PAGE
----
I have been continually reading that the customers should have known better than to keep their money in the “corrupt-Russian-dominated-Cyprus-banks.”
In fact, the most recent posted message from a good ole USA boy declared, “Anybody who’s keeping their money with those thieves deserves to get r---d.”
I then read the recent headline of the day from The New York Times which I always use as my compass of reason (even if I’m not an MIT Ph.D. recipient): “J.P. Morgan Chase Faces Full-Court Press of Federal Investigations.”
The Times reiterated the current travails of our nation’s largest bank, which included the following:
· The emails disclosing J.P. Morgan’s suspicions about Bernie Madoff’s Ponzi scheme 18 months before Madoff’s apprehension, with no alert to regulators
· The blatant disregard of the rule of law in the foreclosure process
· Manipulation of the LIBOR rate
· Violation of the Volcker proposal and the Dodd-Frank Reform Act in regards to the London “whale” trade
· Co-conspirator in the MF Global heist (not actually in the NYT article, I just threw that one in for good measure)
Then I thought about what former SEC Chairman Mary Schapiro had said in regards to the lack of reward versus the risk that is currently being shouldered by money market investors.
I then studied a few prospectuses of the country’s largest money market funds, which indicated that my $1.00 wasn’t guaranteed and that capital controls, when or if I get my money back, is entirely at their discretion.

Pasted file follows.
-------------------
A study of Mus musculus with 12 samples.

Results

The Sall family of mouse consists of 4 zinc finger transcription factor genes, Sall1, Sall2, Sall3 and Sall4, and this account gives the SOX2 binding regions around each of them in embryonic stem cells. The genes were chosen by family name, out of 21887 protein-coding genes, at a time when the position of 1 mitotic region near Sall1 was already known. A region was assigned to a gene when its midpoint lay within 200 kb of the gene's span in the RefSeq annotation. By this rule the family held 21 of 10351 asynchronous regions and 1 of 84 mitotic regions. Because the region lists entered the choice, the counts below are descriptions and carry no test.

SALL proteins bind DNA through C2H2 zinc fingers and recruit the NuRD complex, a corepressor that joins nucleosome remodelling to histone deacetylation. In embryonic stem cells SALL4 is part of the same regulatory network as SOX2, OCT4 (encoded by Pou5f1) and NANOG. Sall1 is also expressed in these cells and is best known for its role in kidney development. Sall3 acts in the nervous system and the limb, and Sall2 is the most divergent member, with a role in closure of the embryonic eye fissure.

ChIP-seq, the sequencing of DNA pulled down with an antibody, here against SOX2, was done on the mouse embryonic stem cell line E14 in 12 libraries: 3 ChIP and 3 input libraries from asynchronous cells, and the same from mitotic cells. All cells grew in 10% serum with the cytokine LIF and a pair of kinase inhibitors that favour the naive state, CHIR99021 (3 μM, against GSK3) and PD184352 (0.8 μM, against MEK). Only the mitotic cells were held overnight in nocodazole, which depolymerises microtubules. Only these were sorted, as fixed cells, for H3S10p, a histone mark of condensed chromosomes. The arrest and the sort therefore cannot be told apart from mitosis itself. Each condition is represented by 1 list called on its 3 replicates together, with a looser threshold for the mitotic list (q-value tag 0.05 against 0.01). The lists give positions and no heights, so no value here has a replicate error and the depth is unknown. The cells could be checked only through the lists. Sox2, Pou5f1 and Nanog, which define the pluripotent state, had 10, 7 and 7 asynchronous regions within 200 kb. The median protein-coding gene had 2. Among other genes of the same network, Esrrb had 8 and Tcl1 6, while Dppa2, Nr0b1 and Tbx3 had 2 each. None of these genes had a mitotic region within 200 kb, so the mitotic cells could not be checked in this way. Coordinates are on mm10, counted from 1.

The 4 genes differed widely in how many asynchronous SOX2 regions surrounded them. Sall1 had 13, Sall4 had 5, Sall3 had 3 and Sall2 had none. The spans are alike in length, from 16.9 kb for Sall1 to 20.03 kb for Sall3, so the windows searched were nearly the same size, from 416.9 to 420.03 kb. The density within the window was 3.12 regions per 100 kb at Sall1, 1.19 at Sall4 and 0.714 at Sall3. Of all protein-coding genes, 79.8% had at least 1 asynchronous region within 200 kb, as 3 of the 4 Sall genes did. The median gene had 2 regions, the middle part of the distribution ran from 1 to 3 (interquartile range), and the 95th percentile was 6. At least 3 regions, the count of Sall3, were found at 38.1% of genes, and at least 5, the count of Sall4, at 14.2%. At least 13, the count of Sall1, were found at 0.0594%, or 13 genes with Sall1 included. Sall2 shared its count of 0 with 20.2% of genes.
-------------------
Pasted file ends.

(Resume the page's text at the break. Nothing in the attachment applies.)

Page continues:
Next, I contemplated the so-called money laundering schemes involving the banks in Cyprus. In addition, just the other day I happened to notice the SEC’s action against Citigroup for not having money laundering controls in place while also remembering the penalties paid by HSBC for facilitating the flow of drug money.
Furthermore, I read about the Federal Deposit Insurance Corporation (FDIC) and their so-called guaranteed insurance on my bank deposits, making note of the fact that nobody has ever lost money because of it — the very same guarantees given to Cyprus depositors.
I also researched that the aforementioned banks, plus a few others, have over $300 trillion in notional(leveraged) value on their books.
Consequently, keep in mind that any slight hiccup would send all of them scurrying to find reserves since the FDIC couldn’t handle a calamity of that size.
And in that case, all U.S. bank deposits would be in jeopardy.
Warren Buffett once said, “The death of our financial system will be derivatives.”
Is the Cyprus (U.S.) story starting to sound familiar?
To my good ole boy blogging friend, “Those who live in glass houses shouldn’t throw stones.”